Insights: How investors are unintentionally stifling innovation

30 September 2019

Andy Challis, Barclays’ Head of Strategic Investments, shares his thoughts on the complex and sometimes counterproductive relationship between startups and investors – and how the bank is giving startups “space to innovate” 

The global startup economy is booming, generating US $2.8tn in economic value according to the 2019 Global Startup Ecosystem Report. Around the world, new incubators and accelerators are emerging – brim-full with new businesses looking to rewrite the rules.

Global investor appetite to find the next big thing remains keen, and Barclays plays a key role in the stories of some of the most exciting innovators to have started life in the last few years – like rising stars Cutover, Crowdz and Simudyne.

Conventional wisdom is that funding a startup is a commendable way to make investments. It’s a simple idea where everyone is supposed to win: the investor gives fledgling new businesses the money they need to grow and continue to innovate, and somewhere down the line the investor makes their money back if the startup becomes a success – often by buying out the startup and reaping the rewards of its profits.

But this investment model has led to the emergence of a phenomenon which is actually stifling innovation and could threaten the potential of the thriving startup economy. It has introduced new questions over the value of financial investment in startup businesses, and whether it is really a force for good.

We call it the ‘investment paradox’, and it typically plays out like this: an investor is attracted to a new, cutting-edge startup with a bright future. It gives the startup funding, and the startup begins to become successful.

Encouraged by the startup’s success, the investor takes over the company prematurely, and ultimately cuts short innovation and the company’s promising future. Counterintuitively, the investor has limited its own potential reward, and the startup’s journey is over. In this paradox, everyone loses.

The inescapable truth is that as an investor you can’t buy innovation, you have to cultivate it. Knowing this is why Barclays views itself as a strategic investor, not motivated primarily by financial returns. We are far more interested in forming long-term partnerships with startups whose ideas could change the way that both the partnership and the market as a whole do business. Agitating to take over the companies does not enter the equation.

Don’t stifle your startup

That’s why we look for clear opportunities to collaborate and partner with startups that can evolve our business model. We're not looking for control. We're not looking to limit their capability. And we recognise that the speed and dynamism that a young business can bring, coupled with a partnership with us, will lead to outsized benefits for the market.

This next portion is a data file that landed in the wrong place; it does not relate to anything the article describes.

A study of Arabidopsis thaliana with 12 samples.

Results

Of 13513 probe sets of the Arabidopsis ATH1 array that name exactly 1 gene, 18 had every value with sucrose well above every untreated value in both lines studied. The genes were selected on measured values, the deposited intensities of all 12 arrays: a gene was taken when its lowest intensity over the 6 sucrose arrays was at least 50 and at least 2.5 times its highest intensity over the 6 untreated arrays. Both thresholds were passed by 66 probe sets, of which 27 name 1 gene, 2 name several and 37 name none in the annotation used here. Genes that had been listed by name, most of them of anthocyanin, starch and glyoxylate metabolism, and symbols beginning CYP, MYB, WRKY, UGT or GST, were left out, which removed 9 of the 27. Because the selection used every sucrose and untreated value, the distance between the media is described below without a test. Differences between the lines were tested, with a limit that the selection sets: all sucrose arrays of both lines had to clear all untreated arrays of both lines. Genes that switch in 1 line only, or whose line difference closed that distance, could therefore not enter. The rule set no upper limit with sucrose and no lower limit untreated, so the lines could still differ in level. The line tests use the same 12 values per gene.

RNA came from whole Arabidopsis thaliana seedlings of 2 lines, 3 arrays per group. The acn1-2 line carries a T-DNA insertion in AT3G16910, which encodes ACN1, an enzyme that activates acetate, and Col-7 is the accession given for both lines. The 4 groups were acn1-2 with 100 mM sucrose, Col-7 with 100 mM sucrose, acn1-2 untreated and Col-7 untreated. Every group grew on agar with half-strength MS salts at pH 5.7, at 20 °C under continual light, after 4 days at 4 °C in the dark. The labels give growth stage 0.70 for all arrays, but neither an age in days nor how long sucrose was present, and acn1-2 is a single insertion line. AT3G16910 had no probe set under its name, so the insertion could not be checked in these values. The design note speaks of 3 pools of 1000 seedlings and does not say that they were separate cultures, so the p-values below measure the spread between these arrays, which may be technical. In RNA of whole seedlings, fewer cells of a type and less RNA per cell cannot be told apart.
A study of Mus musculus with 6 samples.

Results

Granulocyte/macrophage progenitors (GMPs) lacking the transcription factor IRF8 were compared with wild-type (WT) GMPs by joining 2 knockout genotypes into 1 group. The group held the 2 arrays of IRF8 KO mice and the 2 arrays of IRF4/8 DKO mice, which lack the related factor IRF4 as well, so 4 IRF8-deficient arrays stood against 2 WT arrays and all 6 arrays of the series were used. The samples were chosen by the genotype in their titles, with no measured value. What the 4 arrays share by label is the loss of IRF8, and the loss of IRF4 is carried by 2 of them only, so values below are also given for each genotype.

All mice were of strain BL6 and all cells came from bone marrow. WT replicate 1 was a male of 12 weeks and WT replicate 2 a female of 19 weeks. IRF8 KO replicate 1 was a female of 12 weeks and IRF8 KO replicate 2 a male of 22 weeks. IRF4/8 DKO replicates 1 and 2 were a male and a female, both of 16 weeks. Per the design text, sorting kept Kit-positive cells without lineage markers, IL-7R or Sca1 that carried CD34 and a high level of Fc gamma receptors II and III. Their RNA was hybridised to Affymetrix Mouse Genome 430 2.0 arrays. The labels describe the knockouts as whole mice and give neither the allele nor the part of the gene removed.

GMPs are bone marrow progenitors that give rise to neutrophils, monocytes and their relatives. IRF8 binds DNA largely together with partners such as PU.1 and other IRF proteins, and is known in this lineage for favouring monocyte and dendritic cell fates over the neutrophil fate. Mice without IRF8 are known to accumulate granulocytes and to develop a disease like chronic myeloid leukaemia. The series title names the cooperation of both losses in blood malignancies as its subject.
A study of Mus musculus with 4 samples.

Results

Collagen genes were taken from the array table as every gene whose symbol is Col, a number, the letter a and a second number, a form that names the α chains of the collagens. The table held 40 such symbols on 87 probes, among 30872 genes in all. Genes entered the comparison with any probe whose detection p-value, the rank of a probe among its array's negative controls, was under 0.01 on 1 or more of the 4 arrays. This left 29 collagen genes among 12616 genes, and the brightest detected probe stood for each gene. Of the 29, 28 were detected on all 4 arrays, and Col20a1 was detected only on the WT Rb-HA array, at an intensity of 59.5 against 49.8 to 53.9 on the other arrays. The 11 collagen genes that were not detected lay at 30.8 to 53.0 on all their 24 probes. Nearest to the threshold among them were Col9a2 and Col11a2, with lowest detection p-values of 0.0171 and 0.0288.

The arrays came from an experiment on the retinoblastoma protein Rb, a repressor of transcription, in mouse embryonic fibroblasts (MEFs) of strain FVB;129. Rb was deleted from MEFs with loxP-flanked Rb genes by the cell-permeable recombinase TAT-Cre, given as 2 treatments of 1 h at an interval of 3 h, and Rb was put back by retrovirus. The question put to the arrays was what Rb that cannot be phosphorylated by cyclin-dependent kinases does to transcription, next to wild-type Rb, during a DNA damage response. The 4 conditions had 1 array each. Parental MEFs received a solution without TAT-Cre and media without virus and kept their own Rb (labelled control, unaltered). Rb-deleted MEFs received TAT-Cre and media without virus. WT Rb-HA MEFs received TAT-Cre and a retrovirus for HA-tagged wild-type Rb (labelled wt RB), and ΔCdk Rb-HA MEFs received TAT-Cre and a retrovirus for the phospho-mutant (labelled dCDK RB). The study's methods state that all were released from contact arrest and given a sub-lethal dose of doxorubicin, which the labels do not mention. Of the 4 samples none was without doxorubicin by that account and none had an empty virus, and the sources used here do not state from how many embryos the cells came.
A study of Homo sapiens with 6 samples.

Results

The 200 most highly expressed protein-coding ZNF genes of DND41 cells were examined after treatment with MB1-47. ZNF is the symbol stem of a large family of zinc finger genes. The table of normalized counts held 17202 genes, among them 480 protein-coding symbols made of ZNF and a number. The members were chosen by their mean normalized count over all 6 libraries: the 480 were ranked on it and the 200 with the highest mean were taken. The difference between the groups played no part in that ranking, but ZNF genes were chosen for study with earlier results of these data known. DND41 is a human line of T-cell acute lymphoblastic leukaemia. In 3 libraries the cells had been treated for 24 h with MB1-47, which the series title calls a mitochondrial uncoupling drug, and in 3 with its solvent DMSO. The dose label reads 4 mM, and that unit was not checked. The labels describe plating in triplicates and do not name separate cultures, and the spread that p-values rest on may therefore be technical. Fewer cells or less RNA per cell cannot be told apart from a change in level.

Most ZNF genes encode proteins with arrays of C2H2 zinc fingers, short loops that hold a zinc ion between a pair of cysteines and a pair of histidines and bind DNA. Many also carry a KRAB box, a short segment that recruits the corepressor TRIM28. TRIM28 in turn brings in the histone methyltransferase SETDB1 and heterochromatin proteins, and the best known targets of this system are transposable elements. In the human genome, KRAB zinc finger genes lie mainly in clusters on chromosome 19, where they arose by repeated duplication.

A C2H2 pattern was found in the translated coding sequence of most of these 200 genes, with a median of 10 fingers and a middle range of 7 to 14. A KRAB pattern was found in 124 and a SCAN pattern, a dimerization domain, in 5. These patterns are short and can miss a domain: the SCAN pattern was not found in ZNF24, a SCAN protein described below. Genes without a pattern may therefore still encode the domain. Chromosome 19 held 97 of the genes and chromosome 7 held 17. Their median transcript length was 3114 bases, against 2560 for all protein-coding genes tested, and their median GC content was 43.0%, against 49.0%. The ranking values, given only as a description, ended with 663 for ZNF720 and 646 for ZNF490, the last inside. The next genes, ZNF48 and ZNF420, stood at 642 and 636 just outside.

Giving startups the space and resources they need to embrace innovation is the best way of helping them avoid giving up a stake in their business to investors who may stifle their innovation. Our approach is to provide hands-on support, to encourage innovation and new ideas.

That includes mentoring and feedback, as well as access to the bank’s customer base – so our startup partners can test their business propositions in the real world. For instance, the Barclays Accelerator powered by Techstars programme opens up unprecedented access not only to a world leading bank, but also to Techstars’ international mentor and investor relationships.

The proof is in the pudding. Although conventional ‘cash for equity’ investments remain the dominant model in global startup investments, our alternative model, which involves the investor taking only a small minority holding, is already paying off.


Justin Lyon, CEO, Simudyne:

“Barclays’ feedback was pivotal. All too often in the corporate environment it's really hard to actually understand what you're doing well and what you're not doing well. When you talk to customers directly, they might want to be polite and not say they don't like it, but they just don't buy it. And you never really understand where you fell down and what you were missing.

The innovation team understand when they can push, but also when they need to be a little bit more chill and recognise that they need to give us a bit more time.”

Justin Lyon, Chief Executive Officer of Simudyne

Justin Lyon, CEO, Simudyne

From mentoring to market-ready

Take for example the partnership between Barclays and Simudyne, a software company that helps banks to build artificial intelligence simulation – pioneering technology that is an increasingly important competitive edge in the financial services industry.

Today, Simudyne’s AI simulation platform plays an important role in Barclays’ banking strategy. But the partnership started when Simudyne joined the Accelerator Programme in 2017, as a fledgling company with a big idea to change how banks manage strategic decisions, in both their risk and their money-making business areas.

Over the course of the programme they received mentoring from senior leaders across Barclays, such as then Group Strategy Officer, Ben Davey, as well as honest conversations with Barclays’ customers on their product’s viability. Simudyne CEO Justin Lyon credits this uncompromising feedback from senior leadership and potential clients as a crucial catalyst – accelerating the development of their product and helping it to become market-ready.

Barclays recognises the importance of acting as a mentor and a sounding board, but also considers it imperative to trust startups with the space and time to innovate, without interference. Ultimately, the decision to choose the right investor lies with startups themselves.